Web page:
All of the filters mentioned above are “estimation filters” (EF). When talking about estimation filters, one can quickly get mired in alphabet soup.
A Kalman Filter (KF) is a linear quadratic estimation algorithm that operates recursively on noisy data and produces an estimate of a system’s current state that is statistically more precise than what a single measurement could produce.
An Extended Kalman Filter (EKF) is used generically to describe any estimation filter based on the Kalman Filter model that can handle non-linear elements. Almost all inertial estimation filters are fundamentally EKFs.
An Adaptive Kalman Filter (AKF), technically speaking, is also an EKF but it contains a high dependency on “adaptive” elements. “Adaptive” technology refers to the ability of a filter to selectively trust a given measurement more or less based on a “trust” threshold when compared to another measurement that is used as a reference. The 3DM GX4-25 and -15 rely on adaptive control elements to improve their estimations and hence we refer to the estimation filter used in those devices as an “AKF”. Technically speaking it is an “EKF with heavy reliance on adaptive elements” or possibly an “Adaptive Extended Kalman Filter”. We just call it an AKF.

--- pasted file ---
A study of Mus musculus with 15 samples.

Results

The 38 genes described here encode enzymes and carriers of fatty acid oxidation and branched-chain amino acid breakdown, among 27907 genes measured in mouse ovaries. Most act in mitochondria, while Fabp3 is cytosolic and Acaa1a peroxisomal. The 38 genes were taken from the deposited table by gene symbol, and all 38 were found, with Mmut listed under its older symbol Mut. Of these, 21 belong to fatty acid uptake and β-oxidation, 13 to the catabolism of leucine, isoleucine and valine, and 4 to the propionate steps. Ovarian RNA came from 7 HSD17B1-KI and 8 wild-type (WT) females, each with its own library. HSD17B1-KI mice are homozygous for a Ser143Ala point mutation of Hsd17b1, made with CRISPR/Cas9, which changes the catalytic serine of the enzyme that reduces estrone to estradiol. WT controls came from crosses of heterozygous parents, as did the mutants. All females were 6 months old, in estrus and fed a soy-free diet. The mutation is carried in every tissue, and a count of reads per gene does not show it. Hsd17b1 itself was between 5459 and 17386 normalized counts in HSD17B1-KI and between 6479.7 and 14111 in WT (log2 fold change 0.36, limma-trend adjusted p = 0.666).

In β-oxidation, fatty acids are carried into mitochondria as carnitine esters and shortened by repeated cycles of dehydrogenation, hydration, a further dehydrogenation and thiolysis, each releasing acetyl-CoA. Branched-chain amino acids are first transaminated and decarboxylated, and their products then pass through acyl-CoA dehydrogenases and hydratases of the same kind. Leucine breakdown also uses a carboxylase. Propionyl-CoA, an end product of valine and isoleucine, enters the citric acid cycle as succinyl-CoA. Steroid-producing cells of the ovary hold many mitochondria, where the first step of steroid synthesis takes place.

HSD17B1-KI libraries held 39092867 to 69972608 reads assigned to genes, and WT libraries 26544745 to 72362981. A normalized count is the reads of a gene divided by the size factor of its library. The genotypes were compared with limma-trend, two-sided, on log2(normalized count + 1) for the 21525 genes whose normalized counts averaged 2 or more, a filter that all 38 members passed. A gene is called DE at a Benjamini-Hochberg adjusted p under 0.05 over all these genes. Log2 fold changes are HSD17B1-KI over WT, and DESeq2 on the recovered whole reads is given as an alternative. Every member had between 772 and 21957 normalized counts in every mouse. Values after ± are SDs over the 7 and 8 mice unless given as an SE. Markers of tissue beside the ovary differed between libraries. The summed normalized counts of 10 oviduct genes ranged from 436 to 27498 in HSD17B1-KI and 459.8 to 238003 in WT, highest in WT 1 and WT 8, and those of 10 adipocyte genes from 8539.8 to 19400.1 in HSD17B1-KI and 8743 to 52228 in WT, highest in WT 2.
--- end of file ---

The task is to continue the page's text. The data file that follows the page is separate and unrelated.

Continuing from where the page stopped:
An Auto-Adaptive Extended Kalman Filter (AA EKF) is an adaptive EKF that, like the AKF described above, has “adaptive” elements that selectively trust given measurements more or less based on comparison to reference inputs. The difference with the auto-adaptive filter is that the “trust” thresholds are automatically determined by the filter itself. The filter collects error metrics on all the measurements and uses this to determine appropriate trust thresholds. This feature makes tuning a Kalman Filter for optimum performance much easier than manually determining these thresholds. The GX5/CX5/CV5 series introduces the Auto-Adaptive feature whereas the GX4 series has fixed adaptive thresholds.
A Complementary Filter (CF) is commonly used as a term for an algorithm that combines the readings from multiple sensors to produce a solution. These filters usually contain simple filtering elements to smooth out the effects of sensor over-ranging or anomalies in the magnetic field.